Is the poem "To His Coy Mistress" really about a woman, or is it about the English parliament?
Andrew Marvell (1621-1678) was perhaps best known for his poem "To His Coy Mistress." For all its sexiness, the poem's blatant sexuality almost threatens to eclipse some of the political undertones in Marvell's Petrarchan language. As a poet, Marvell was celebrated for his often enigmatic style; he wrote Royalist poetry as well as poetry that could be construed as supportive of the parliamentarian firebrand Oliver Cromwell.
Cromwell served during the reign of Charles I and was an MP (Member Of Parliament) for Huntington. Although both king and subject were staunch Protestants, Cromwell eventually became disillusioned with the king's love for showy ritual in religious worship. War with Scotland was waged over the king's insistence on imposing a High Church liturgy and prayer book in Scotland; this led to rebellion in Edinburgh in 1637. Charles, at odds with Parliament even in the best of times, had to lobby Parliament for money to fight his ill-fated war against Scotland. Parliamentarians like Oliver Cromwell despised the king's high handed ways in both religion and government.
And where does Andrew Marvell fit into all this? As an MP for Hull, he was in the thick of things; he was briefly tutor to Cromwell's nephew William Dutton in 1653, and assistant to Cromwell's Secretary of State from 1657 to 1660. The English Civil War pitted the hapless Charles I against the Machiavellian Oliver Cromwell, who established the New Model Army, rivaling that of Charles' royalist army. With the Reformation (16th–17th century) in full swing, a new awakening to freedom of worship and freedom from oppressive monarchic rule continued to grip much of England. You can see Marvell's admiration of Cromwell in his carpe diem style in this poem and his nod to Cromwell's religious fervor with the mention of the "conversion of the Jews."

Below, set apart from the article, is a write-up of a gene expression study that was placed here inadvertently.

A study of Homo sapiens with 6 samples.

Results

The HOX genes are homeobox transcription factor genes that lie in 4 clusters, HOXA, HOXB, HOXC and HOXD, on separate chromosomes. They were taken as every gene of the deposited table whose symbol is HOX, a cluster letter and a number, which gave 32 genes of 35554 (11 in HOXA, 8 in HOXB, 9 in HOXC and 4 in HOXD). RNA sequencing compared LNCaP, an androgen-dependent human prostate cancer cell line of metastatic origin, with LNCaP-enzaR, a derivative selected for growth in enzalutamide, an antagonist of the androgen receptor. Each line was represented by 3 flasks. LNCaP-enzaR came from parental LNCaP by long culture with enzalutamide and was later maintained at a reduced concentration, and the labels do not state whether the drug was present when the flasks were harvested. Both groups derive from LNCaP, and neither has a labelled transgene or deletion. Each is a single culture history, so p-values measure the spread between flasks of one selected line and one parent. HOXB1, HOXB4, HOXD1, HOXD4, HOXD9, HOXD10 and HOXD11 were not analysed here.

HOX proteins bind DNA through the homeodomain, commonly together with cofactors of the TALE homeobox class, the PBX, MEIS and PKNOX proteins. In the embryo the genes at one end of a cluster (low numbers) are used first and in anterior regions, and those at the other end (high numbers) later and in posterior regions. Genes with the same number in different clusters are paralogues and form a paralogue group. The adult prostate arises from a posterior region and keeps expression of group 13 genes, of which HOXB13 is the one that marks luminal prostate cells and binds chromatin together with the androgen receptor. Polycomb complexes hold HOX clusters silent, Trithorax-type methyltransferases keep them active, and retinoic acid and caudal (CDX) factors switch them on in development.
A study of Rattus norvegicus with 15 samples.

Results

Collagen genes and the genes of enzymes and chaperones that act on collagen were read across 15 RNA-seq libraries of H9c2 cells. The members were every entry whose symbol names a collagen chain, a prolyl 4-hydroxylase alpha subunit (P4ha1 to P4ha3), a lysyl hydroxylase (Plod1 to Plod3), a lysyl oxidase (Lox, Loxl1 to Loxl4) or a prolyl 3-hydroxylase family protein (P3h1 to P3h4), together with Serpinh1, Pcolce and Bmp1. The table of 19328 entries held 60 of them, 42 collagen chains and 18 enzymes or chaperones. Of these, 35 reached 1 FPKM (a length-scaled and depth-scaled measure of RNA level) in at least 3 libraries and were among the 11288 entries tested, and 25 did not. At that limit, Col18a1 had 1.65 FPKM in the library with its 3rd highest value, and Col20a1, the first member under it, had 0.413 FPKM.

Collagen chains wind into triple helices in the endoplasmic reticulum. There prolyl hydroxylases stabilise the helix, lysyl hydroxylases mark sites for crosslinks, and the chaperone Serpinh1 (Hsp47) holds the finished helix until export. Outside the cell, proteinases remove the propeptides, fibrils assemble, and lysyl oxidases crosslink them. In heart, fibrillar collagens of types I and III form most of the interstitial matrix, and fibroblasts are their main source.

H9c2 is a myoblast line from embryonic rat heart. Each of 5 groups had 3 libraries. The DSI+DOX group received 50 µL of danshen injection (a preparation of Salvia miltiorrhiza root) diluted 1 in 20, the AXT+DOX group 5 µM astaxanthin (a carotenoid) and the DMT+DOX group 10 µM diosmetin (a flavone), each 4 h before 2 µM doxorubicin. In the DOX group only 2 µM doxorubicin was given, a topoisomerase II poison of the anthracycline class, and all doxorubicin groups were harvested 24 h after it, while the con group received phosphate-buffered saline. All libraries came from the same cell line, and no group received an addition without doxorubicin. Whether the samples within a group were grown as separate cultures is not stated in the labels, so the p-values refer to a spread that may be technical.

Let me briefly explain: Cromwell was a supreme tactician and military commander; he was brutal in warfare, decisive, and shrewd. He gave Charles I no quarter, and won important victories for the Parliamentarians in the Battle Of Marston Moor (1644) and the Battle of Naseby (1645). The parliamentarians were determined to obliterate the absolute rule of the king; Charles believed he ruled by divine right. Cromwell's seize-the-day style of warfare is characterized in Marvell's poem:
Now therefore, while the youthful hue/ Sits on thy skin like morning dew,/And while thy willing soul transpires ;/At every pore with instant fires,/Now let us sport us while we may, ;/And now, like amorous birds of prey,/Rather at once our time devour/Than languish in his slow-chapped power.
On the other hand, one can read the poem as the helplessly obsessive love-letter of a sex-starved stalker who hopes to enjoy his mistress' "long-preserved virginity" before her "quaint honor turn(s) to dust." Why this ambiguity?
1) Marvell lived and served during a perilous time. The victor (whether Cromwell or Charles I) would have decided both Marvell's political fate as well as personal survival.
2) Although Marvell admired Cromwell's Machiavellian decisiveness, he disliked Cromwell's rigid Calvinism, which left no room for free will/choice. He also disliked Charles' absolute rule in matters of religion. Marvell's blatant sexual imagery in the poem craftily covered up Marvell's criticism of both Cromwellian dogmatism and royalist absolutism.
To read more about the ambiguity in Marvell's "To His Coy Mistress," please refer to the links below. Hope this helps!